Sitting in the Cramp
Updated: Jul 16
Writing is like yoga. It's utterly insufferable to get started again, if you've abandoned it for any length of time. You ease yourself in as you get started. You get comfortable, you relax a little bit, you wiggle your fingers. You take a nice deep breath, kidding yourself on that it won't be so bad. And then the pain starts.
Writing, like stretching, I've found, tends to require a certain malleability - the openness to your preconceived notions becoming looser, more elastic. Like yoga, you've got to rest in all the fits, starts, and spurts of success, and the excruciating discomfort of trying to reach your toes.
OK, maybe that last one is yoga specific - but the two have much in common. I realised this, lying on my yoga mat like a dead spider, one hip cramping with absolute fury, wracking my brain for article subjects that sounded actually good.
I've been into fitness for a while - into the idea of bettering my body and challenging my physical limits. I've always like less 'conventional sports' (read: running can do one), such as fencing, capoeira, kendo, ju jitsu and bouldering. I've been fascinated by circus acrobatics and aerial silks, roller derby and rowing. I've gone to ground with barbells, attempted gymnastics, and delighted in dance. Yoga is the practice that allows me to do most of these without crippling myself.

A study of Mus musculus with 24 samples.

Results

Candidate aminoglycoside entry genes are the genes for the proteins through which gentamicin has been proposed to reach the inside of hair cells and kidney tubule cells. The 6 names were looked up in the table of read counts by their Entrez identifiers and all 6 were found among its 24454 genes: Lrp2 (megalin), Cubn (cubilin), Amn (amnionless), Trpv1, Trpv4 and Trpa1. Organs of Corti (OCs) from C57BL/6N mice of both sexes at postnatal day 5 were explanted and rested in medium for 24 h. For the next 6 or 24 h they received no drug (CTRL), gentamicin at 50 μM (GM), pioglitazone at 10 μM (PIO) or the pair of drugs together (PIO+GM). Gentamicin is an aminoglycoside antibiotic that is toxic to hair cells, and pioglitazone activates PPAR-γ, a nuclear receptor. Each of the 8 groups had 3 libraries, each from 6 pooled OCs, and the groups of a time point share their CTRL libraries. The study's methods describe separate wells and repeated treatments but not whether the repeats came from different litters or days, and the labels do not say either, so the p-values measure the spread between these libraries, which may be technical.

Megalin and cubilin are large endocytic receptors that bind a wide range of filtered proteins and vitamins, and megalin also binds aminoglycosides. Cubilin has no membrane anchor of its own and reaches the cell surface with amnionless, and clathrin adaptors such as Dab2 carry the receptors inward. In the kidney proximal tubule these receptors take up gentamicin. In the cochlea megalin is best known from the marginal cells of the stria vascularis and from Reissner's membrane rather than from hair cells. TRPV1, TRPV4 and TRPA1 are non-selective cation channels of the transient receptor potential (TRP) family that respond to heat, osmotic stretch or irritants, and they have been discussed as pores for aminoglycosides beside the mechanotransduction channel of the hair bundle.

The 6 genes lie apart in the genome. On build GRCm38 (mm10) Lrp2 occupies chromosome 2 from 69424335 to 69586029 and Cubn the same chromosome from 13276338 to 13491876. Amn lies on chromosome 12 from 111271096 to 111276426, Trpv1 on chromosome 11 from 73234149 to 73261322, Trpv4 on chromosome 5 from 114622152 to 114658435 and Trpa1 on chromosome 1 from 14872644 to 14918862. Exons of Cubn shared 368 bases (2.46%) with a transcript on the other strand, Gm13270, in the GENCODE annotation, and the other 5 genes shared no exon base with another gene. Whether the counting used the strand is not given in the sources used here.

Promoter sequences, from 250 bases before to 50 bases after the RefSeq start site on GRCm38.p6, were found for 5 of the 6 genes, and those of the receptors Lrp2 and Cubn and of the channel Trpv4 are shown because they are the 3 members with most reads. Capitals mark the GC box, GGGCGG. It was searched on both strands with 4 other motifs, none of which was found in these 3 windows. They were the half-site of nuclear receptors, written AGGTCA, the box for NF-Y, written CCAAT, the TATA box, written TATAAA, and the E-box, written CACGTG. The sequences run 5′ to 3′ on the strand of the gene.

Kate Galliett, an amazing climber and all-round excellent person once posted an Instagram picture, captioned with a few short, potent phrases about staying with the cramp. Helping people move without pain, her advice was simple - let the cramp come, breathe through the agony, and wait it out.
I tried this a couple of times during my yoga practice (with what I'm sure were astonishing facial expressions) and, contrary to all my fears, did not die of foot cramp. Kate's advice is grounded in the truth that if your muscles are cramping, it's because they need to. After my muscle in question finally relaxed, I felt lighter, freer, softer, more flexible. The feeling of release was incredible.
And it got me thinking about writing. Sometimes the words come in fits and starts, in cramps and seizures and schisms and arid, dry deserts, when you're all out of juice. Often the advice is to write through the discomfort, to take care of the quantity, to just keep going.
It's bloody good advice under most circumstances - honing discipline, accountability, self-awareness, consistency, and mettle. But what if it just hurts too much? What if that cramp, that seizing of your writing ability, is an absolute necessity? What happens then?
I'm not sure I know the answer - but I do know that on the other side of all that pain and discomfort is a lighter, freer, happier writer. And that's got to be something worth trying for.